Gawker: Is it the end of snark?

by Mathew on December 5, 2007 · 6 comments

As plenty of people probably know by now, Gawker has lost several senior staff members over the past week or so, including managing editor Choire Sicha (which is pronounced “Cory Seeka” in case you’re wondering — I know I was) and writer Emily Gould. There is plenty of commentary around about why they left, including some coverage at Women’s Wear Daily, and from my friend, the lovely and talented Rachel Sklar at The Huffington Post.

What I found interesting was that both Sicha and Gould said that it was the style of writing at Gawker that they couldn’t take any more. In the WWD piece, for example, Sicha says:

“I just feel like, now that everyone sort of operates at the speed we do, who’s actually going to do the stuff that takes some time or some reading?…Everything has become knee-jerk like we are.”

And Emily Gould says:

“Whatever Gawker originally set out to do, it kind of did, and now it just feels over… I don’t want to say the meanest thing or the most shocking thing possible anymore, because it gets so old and so soul-killing. There is stuff I really care about. I’m not interested in tearing it down as much as describing it.”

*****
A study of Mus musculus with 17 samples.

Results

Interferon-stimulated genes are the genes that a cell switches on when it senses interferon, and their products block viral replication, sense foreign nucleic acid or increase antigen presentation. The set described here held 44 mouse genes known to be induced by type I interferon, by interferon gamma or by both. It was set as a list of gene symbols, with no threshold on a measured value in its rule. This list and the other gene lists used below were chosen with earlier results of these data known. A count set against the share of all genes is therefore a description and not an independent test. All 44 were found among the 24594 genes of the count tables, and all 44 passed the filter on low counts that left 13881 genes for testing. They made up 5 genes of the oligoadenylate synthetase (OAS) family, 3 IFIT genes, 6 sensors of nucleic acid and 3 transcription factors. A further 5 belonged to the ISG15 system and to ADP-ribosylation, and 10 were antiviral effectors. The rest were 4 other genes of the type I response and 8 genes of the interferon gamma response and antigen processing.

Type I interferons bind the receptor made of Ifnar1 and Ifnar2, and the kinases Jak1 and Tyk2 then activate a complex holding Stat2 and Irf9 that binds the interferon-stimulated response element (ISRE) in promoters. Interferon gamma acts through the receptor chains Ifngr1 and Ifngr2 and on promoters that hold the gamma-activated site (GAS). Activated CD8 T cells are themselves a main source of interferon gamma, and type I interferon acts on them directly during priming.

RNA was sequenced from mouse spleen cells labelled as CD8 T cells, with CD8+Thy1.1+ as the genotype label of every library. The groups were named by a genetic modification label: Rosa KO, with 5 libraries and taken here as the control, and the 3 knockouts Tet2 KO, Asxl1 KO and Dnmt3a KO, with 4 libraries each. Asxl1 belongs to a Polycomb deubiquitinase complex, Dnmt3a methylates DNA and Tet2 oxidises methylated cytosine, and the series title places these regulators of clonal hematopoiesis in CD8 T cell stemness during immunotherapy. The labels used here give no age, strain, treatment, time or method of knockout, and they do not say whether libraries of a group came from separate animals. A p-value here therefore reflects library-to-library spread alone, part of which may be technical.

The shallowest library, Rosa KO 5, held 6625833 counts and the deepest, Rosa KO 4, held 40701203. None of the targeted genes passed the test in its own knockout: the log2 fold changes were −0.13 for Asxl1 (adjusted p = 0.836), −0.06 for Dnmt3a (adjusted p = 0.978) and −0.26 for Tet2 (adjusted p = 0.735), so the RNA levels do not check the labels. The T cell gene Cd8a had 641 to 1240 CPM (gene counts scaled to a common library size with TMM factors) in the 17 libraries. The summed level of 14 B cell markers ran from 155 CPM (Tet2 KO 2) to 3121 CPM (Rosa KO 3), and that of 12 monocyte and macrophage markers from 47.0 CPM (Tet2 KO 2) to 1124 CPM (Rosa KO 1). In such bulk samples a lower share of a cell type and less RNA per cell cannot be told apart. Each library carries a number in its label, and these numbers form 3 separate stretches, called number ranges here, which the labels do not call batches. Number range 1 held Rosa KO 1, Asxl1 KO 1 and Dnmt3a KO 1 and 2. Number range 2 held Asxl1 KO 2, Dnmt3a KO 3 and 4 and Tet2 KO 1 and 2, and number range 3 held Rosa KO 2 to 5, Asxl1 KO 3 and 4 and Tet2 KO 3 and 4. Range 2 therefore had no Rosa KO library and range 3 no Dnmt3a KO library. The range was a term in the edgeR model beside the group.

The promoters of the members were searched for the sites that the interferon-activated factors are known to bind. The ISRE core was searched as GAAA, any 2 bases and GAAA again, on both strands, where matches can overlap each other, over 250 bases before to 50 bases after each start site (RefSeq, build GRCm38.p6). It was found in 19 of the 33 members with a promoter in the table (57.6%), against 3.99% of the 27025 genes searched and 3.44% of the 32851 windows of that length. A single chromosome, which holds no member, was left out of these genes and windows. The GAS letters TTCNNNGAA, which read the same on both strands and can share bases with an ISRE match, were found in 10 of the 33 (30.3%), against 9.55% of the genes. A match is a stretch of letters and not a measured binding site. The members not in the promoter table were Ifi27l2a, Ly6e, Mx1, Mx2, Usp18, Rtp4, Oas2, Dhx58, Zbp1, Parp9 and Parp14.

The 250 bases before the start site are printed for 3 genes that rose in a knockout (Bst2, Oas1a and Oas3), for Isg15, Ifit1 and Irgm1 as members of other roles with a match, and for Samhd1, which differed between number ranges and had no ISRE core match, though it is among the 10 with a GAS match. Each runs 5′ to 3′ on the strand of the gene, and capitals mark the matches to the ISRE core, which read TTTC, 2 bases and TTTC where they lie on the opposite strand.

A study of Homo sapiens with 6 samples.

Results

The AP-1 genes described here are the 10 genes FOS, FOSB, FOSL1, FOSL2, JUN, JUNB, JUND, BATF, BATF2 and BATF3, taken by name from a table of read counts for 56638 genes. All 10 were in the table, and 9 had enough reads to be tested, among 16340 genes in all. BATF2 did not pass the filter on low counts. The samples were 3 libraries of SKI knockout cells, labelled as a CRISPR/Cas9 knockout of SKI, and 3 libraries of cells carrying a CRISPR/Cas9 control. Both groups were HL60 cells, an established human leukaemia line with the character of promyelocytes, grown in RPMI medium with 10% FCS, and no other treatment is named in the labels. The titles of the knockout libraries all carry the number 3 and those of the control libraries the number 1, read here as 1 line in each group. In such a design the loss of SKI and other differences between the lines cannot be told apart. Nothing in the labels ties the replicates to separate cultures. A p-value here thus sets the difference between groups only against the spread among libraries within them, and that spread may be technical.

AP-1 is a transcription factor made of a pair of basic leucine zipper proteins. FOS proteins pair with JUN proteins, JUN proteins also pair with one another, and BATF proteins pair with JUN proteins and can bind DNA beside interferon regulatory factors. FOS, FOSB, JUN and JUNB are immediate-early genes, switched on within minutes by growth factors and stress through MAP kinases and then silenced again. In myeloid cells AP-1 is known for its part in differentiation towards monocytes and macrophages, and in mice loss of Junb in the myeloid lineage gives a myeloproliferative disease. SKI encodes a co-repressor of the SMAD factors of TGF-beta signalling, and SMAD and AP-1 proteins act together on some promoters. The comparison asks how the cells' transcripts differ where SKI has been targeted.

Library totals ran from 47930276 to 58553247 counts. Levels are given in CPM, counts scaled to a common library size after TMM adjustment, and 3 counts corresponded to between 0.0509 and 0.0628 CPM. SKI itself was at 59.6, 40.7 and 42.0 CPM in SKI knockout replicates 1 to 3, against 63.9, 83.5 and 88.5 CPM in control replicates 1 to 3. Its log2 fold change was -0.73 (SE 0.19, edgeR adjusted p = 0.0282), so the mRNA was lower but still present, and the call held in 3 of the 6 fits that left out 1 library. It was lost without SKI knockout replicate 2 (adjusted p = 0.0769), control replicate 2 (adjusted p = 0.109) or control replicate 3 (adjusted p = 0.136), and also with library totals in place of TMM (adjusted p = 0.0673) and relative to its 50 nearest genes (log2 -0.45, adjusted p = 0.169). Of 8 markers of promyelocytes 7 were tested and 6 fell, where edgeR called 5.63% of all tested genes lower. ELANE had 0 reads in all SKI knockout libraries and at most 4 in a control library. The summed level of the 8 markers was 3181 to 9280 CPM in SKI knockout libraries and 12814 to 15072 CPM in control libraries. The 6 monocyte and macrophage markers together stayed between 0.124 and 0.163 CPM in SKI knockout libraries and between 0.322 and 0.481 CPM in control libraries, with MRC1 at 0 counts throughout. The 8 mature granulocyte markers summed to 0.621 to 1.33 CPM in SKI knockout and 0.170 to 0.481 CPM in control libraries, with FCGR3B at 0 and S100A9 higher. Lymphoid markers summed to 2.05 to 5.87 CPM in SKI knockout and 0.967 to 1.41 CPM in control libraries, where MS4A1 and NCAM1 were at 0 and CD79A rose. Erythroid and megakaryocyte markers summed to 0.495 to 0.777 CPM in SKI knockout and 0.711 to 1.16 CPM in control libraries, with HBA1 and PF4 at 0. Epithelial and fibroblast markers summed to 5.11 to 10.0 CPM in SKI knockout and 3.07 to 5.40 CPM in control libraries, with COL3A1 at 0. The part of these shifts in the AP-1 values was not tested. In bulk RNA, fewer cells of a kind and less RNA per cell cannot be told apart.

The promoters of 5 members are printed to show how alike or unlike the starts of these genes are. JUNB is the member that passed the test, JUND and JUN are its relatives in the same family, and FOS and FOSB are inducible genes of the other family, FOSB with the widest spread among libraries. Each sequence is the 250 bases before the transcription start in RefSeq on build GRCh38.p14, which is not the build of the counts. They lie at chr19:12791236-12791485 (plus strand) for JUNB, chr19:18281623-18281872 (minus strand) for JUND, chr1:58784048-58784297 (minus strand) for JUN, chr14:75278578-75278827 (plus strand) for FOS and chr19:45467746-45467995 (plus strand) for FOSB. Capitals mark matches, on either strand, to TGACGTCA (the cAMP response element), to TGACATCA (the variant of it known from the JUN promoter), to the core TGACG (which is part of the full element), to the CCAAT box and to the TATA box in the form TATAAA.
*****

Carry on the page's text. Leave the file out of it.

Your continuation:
Could this mean that the quick-shot, snarky remark or sarcastic rejoinder is not the be-all and end-all of Web media? I hope so. Not that sites like TMZ or The Superficial and Gawker aren’t fun — but everything can’t be them. In case you’re interested, there’s more coverage of the Gawker situation in the New York Times, including a nice roundup here.

At Portfolio magazine, media writer Jacob Bercovici says Gawker is a “monster” that has turned on Denton and is eating him, and Vimeo founder Jakob Lodwick has some helpful tips for Nick Denton. For his part, Jason Calacanis compares Denton to Grendel and Gollum (why don’t you just say what you really think, Jason?).